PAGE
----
We The Kingdom: Bringing You Culture Shock

We The Kingdom: Bringing You Culture Shock
Words by Ashley Locke
Photos by Kenwyn Alexander

It wasn’t planned to happen, but it was meant to happen.

Ed Cash, his daughter Franni and son Martin, his brother Scott, and their close family friend Andrew Bergthold, were all together to lead worship at a Young Life camp in Georgia. For different reasons, they were each hurting and searching for hope. Late one night they got together to work on writing a song for the campers—but it turned out to be a song for themselves. It turned out to be the beginning of We The Kingdom.

Look up and lift your eyes/The future's open wide/I have great plans for you, oh yes I do.

That’s the start of the second verse of “Dancing on the Waves,” the song that spilled from their hearts that night. When it was written, they took a step back, looked at each other, and thought, “This is something.

“The band started before we knew it started,” says Scott. “It never felt like it was happening; it just felt like it had happened.”

The truth is, their whole lives had been leading toward the band—five individual paths, finding solace and strength through music. “I grew up singing in a gospel choir. We went to an all African-American church, and the music had such great depth,” says Andrew. “When I grew up, we moved to a smaller church. They didn’t have anyone playing worship music, so some high school guys and I started playing music there.”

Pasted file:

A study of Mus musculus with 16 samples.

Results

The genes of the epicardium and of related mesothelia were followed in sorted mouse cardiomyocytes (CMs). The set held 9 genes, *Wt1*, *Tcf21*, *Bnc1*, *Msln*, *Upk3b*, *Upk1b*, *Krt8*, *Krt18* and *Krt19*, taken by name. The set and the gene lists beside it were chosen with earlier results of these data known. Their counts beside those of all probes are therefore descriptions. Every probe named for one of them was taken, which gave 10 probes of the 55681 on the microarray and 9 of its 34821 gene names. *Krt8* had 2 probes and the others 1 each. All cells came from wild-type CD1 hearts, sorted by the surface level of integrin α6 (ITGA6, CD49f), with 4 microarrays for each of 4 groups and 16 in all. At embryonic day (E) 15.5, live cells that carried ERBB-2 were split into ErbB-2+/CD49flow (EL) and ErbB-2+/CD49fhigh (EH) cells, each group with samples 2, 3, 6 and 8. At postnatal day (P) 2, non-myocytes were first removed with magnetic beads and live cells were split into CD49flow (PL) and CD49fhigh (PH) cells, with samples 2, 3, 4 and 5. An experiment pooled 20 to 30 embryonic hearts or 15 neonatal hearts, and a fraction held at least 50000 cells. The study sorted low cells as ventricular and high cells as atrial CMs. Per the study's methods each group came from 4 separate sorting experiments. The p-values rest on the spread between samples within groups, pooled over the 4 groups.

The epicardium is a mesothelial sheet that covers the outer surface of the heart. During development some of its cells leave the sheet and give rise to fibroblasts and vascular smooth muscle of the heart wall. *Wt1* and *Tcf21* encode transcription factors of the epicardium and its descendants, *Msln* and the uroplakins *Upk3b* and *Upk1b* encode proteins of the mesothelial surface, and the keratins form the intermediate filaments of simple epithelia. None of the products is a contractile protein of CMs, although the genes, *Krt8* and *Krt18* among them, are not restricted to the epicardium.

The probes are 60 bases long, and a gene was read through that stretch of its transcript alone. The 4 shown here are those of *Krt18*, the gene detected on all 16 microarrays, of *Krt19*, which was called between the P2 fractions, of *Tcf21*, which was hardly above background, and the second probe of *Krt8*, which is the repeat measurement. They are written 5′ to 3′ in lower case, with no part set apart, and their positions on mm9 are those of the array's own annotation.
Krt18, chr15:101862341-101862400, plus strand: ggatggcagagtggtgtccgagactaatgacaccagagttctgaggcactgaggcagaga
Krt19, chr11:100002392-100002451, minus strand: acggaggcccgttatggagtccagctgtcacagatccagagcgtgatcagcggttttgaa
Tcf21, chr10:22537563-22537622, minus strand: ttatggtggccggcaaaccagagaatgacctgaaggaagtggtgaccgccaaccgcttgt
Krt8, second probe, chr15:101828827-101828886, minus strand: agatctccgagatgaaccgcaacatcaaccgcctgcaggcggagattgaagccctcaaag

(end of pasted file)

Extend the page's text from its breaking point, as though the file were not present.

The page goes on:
“I remember being 15,” says Scott. “I was angry with my mom for some reason, I don’t know why, and I turned on a record. I thought, ‘This music expresses the angst that I feel right now.’ At that young age, I realized music has real power to it and that it’s not to be taken lightly.”

Franni was in Nepal leading worship when she came upon a temple so spiritually dark she couldn’t breathe. A crowd gathered as she and her group began to sing, and two Nepali girls approached her. “They came up to me and told me they felt peace for the first time in their lives,” she says. “And I realized, I just could not afford to use my voice for any other purpose.”

“Growing up, I was always intrigued by music, but I never had the desire to produce it myself,” says Martin. “When I was around 15, I realized that music was the only way for me to tell my story and use my voice without feeling judged.”

Ed was raised in a traditional church. “The music was mostly hymns played on an organ, which taught my heart to love anthems. Even though this wasn’t the kind of music that I would listen to outside of church, I appreciated it, and it made me start to think that God’s music should be the best music there is—I wanted it to be the music I would listen to in my car.” When he was still young, his life got derailed, but the power of music helped him find purpose again. “I started writing songs about my life—the scary stuff, the wounds, the loneliness, and the finding my way back to God.”

Every one of those stories had been stirring inside of them for years when they arrived at camp, feeling swamped in their individual struggles. When they wrote “Dancing on the Waves,” it was an outpouring from within—God telling them he had great plans for them.

“It was God’s way of healing us,” says Franni.

“God took our individual dreams, dreams that were flawed at their core, and pulled us together,” says Andrew. “We didn’t start this. We can’t own this. It has to be God’s.”

Order a copy of our Culture 2020 issue to keep reading.

Never miss another story. Subscribe now.